If you are buying an older home, doing a home inspection is always important. You need to know what’s lurking behind those walls, especially when it comes to your electrical. If your inspector comes back with the report letting you know that you’ve got Knob and Tube, you may have yourself a real problem. Let’s discuss.
What is knob-and-tube wiring?
Also called K&T, is a very early type of electrical wiring that was installed during the 1880s until the 1930s. It was eventually displaced as the cost of installation was high and is only allowed in very rare cases in new installations.
What is the problem with it?
Most homebuyers who find out that they have knob and tube wiring will opt to replace it. The reason for this is that modern household have higher power requirements than what the old wiring can handle. Some homeowners who found out this problem the hard way, instead replaced blown fuses with fuses that were rated for a higher current, which causes overfusing of the circuits. What does this mean? Well, it basically puts your home in danger of heat damage and/or fire. No one wants to buy a home where there is the potential for fire right off the bat, so replacing the knob and tube system is a must.
As well, with knob and tube wiring being so old, the chance of it being damaged is highly likely. Damage from renovations or rodents is likely, but so is damage from previous carelessness of homeowners who hung objects from the fragile wiring. If it has cloth and rubber insulation, this can also because dry and brittle and break over time.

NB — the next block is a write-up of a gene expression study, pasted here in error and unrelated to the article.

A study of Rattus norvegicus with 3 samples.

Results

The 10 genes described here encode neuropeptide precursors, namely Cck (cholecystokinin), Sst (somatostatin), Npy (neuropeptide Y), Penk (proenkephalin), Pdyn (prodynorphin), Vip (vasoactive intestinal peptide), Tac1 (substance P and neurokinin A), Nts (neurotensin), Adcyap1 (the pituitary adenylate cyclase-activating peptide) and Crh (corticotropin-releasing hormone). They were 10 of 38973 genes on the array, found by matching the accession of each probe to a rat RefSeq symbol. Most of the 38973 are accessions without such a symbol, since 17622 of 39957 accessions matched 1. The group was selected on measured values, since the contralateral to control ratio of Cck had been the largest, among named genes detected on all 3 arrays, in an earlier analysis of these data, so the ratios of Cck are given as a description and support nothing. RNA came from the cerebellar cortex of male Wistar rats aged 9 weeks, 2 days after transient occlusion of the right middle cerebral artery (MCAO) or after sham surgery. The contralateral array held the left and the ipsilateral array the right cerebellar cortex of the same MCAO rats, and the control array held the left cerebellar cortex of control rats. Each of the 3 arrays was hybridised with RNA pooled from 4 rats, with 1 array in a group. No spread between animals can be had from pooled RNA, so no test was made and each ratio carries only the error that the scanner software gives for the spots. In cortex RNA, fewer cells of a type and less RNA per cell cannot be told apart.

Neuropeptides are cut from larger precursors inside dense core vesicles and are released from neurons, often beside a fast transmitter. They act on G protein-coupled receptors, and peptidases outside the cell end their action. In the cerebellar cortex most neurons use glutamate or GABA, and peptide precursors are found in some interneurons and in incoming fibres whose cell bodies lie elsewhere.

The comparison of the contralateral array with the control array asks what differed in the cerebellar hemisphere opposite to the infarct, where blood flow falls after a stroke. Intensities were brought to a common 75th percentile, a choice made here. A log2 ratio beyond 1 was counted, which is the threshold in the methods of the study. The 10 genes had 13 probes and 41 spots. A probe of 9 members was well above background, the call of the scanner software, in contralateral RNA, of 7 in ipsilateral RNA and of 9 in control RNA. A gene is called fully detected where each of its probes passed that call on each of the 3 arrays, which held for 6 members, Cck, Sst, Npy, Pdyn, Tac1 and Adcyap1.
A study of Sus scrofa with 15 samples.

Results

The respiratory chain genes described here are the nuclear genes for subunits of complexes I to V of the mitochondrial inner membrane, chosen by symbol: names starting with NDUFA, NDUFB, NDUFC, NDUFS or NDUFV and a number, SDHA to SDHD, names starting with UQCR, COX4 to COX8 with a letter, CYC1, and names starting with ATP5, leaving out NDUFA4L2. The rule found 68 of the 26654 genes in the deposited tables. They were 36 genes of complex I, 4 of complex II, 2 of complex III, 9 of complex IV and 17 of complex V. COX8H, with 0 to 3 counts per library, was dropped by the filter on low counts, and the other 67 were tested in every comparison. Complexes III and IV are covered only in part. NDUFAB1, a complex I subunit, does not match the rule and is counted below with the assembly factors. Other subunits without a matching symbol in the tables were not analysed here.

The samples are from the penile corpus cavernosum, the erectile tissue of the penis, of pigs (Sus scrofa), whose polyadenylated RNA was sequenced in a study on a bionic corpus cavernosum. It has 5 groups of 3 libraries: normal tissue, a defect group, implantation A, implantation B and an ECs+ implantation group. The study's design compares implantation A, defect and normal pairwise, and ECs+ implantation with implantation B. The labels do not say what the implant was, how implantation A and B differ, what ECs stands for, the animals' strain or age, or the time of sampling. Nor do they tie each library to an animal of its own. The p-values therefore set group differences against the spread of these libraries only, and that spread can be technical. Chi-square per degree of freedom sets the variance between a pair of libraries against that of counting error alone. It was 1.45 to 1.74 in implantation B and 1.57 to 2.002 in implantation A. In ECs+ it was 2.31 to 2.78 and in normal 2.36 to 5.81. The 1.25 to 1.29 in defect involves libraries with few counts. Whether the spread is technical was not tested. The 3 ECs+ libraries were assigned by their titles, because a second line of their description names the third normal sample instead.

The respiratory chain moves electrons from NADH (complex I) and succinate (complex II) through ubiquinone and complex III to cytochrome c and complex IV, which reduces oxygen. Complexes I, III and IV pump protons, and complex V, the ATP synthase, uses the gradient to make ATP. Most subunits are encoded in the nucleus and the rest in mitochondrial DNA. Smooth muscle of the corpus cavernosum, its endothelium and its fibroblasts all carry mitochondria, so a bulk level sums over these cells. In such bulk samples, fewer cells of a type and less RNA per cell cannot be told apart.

Another issue with knob and tube wiring is that it needs the surrounding air to let heat dissipate, so loose, blown-in or expanding foam insulation is not allowed around the wiring, according to the National Electrical Code. This means your home will not be very energy efficient and any upgrades your home may require to make it that way will ultimately lead to you having to replace the wiring.
What does it cost to replace knob and tube?
Depending on the size of your home, replacing knob and tube wiring will run you in the thousands of dollars, and even up to $10,000.
Should I buy a home with knob and tube?
The choice is ultimately up to you. If you find that the home you love has knob and tube, you can choose to ask the seller to amend the offer to include the cost of replacing the wiring. If they refuse, you need to decide if you have the time and the money to do the replacement.
If you need any help finding a new home, I’m always available.